You’re on your way to a successful graduation and you’re thinking about your next step. It’s completely natural, we’ve all been there. What’s scary though is the notion of having to fight for your place in the market that’s full of your peers and newly graduated colleagues. So how can you stand out from the crowd and get a good job even though you’ve barely graduated?
Don’t put yourself in a corner
Even though you may be a major in graphic design, don’t look specifically for graphic design opportunities. It’s important to realize that in today’s world, many occupations are actually combinations of different sets of skills. If you find a perfect job opportunity, go through the application, submit your resume, but don’t stop there. Look for other employers and job positions as well. Digging yourself into a hole of waiting for a response from a single employer will get you nowhere fast. Make sure that you always think about the next step.
Spruce up your skill set
Employers these days like nothing more than to see leadership and teamwork as their employee’s skills. This means that you should attend a seminar or two, volunteer, and be involved in community projects and clubs. Not only will this help your resume and interview, but also paint a picture of a responsible and bright young mind that any employer would love to have. The wider your skill set is, the better chances you have. Soft skills are a rare commodity that many people overlook during their studies – but they are just as important as your degree.
Write a proper resume
The first thing your employer will see when they consider you is the paperwork you submitted. Your resume is just as important as your motivational letter, since those are your tickets to an actual interview. If you’re unsure about how to write these papers properly or translate it to another language, here is translation service the word point that you may want to consider. Make sure that you are honest and forward-thinking with these papers, because more often than not, employers don’t even contact a person who is disqualified from the start.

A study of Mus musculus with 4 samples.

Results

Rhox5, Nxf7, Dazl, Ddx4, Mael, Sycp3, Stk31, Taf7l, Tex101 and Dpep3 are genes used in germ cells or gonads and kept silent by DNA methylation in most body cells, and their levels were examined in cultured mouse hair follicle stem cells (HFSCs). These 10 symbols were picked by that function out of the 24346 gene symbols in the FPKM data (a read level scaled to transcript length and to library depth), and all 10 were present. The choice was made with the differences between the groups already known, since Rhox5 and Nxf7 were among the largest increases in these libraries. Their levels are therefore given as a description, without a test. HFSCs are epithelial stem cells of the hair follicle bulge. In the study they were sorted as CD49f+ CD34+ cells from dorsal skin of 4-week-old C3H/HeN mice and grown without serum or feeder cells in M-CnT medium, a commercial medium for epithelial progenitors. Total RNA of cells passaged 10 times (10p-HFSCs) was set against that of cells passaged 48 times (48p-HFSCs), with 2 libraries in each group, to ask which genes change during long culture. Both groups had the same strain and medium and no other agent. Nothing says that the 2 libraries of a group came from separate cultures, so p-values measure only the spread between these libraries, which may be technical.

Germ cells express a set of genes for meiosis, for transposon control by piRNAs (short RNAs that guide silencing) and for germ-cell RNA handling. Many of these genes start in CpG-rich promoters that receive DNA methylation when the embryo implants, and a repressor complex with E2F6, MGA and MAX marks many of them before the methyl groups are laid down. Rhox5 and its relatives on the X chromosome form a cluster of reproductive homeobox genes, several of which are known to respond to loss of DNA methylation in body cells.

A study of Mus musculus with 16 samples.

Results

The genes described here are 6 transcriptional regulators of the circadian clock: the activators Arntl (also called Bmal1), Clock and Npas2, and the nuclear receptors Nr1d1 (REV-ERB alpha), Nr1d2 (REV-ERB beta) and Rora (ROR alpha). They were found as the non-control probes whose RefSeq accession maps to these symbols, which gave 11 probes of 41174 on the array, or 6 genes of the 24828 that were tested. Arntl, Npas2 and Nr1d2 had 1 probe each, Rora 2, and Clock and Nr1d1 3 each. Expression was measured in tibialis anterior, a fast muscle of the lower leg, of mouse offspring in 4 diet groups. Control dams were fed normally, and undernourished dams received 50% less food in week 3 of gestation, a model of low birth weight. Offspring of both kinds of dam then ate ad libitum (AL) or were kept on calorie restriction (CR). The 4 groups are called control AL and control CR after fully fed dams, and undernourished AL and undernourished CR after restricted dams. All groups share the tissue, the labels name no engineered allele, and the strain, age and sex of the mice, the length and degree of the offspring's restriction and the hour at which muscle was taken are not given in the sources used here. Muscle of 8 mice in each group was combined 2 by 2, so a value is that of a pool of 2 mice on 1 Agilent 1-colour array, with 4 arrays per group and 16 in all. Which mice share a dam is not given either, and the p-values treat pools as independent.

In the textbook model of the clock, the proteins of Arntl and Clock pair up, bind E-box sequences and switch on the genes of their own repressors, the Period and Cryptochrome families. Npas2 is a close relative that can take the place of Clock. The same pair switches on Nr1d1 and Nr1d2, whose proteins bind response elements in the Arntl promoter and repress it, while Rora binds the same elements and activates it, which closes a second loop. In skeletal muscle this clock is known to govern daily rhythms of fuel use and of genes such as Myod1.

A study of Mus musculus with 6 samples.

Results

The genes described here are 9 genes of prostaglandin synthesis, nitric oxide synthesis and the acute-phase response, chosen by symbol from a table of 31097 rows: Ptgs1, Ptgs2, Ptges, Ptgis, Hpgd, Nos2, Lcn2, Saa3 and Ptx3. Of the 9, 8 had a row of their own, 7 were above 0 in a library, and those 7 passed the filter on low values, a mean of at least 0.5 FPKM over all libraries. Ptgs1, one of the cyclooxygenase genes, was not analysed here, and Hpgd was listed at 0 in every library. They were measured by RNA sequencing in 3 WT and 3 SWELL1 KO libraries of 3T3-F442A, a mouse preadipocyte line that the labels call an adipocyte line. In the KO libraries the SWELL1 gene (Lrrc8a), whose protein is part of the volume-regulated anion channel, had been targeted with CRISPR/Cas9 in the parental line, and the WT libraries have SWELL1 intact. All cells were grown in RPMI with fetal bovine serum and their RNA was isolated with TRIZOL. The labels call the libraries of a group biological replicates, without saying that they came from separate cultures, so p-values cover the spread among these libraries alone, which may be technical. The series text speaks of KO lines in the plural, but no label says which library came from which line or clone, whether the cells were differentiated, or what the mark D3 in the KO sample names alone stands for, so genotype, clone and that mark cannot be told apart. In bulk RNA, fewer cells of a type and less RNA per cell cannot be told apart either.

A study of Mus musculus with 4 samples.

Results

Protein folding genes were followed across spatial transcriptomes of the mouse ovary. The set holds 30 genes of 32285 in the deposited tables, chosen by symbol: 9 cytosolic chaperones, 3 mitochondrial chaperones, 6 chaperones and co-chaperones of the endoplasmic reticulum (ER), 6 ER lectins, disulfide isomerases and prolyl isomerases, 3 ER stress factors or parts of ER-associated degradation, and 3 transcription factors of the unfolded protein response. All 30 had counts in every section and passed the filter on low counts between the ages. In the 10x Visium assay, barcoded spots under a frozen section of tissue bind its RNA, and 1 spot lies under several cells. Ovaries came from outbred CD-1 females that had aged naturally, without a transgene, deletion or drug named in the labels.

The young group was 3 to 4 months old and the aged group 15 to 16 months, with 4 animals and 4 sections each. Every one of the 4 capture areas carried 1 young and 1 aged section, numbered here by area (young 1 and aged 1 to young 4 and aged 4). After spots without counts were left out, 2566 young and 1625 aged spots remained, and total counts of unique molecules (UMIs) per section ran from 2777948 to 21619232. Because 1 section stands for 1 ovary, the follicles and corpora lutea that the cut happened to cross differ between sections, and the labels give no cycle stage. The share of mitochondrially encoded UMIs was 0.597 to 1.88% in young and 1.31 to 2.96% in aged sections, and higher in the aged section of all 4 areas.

Research your employer
The worst mistake you can make as a fresh graduate is to jump the shark and take the first chance you get. This is how you end up with a job you hate and wish you never contacted the company in the first place. Make sure that you are certain that a specific employer would be someone that you can actually work with. There’s no shame in taking the first chance you get, but this is your time and energy we are talking about. Before making any commitments, be sure that you are both satisfied with one another and ready for a long-term cooperation.
Consult people around you
Even though you might not be on best terms with your family or professors, they care about you and are willing to help you. Don’t make any decisions without consulting someone else. Your own opinion is subjective and it’s easy to make a mistake because of a simple lack of experience. Try to avoid these problems by talking to someone older and wiser instead – it’s less painful than quitting and regretting your job decisions.
Prepare for the interview
Once you actually get a call and an interview invitation, it’s time to do some real homework. Your employer will appreciate if you know a few things about the company history and what their ultimate mission is. Prepare for questions about your personal motivation, why you want to work at this specific position and what makes you different than other people.
Like we’ve said before, interviewers like nothing more than a healthy combination of positivity and ambition. The best thing you can do is be yourself. If you are fit for the company, that will be enough. If not, it’s better for both parties if you didn’t pass the interview, because it will only lead you to problems down the line.
The hardest step in looking for your first employment will be staying patient. College rarely prepares us for what’s really out there, because the market is merciless and the economy is fluctuating on a daily basis. You might find your first job fairly easily – or it might take months. There’s no shame in compromising in the end, since dream jobs are hard to come by and usually require you to sacrifice big parts of your life. Make sure that you stay positive and don’t give up your search. Your future employer is looking for someone just like you – so go and find them.
When all is said and done, being yourself, and being responsible and respectful towards everyone around you is the best thing you can do. Even if you don’t pass an interview, it’s not the end of the world. It just means that that particular position wasn’t meant for you. Keep moving forward and don’t think about passed chances. If you’re meant to be employed by someone special, it will take time and effort until you two actually meet. Until then, keep building your skill set and don’t give up trying – there’s always light at the end of the tunnel.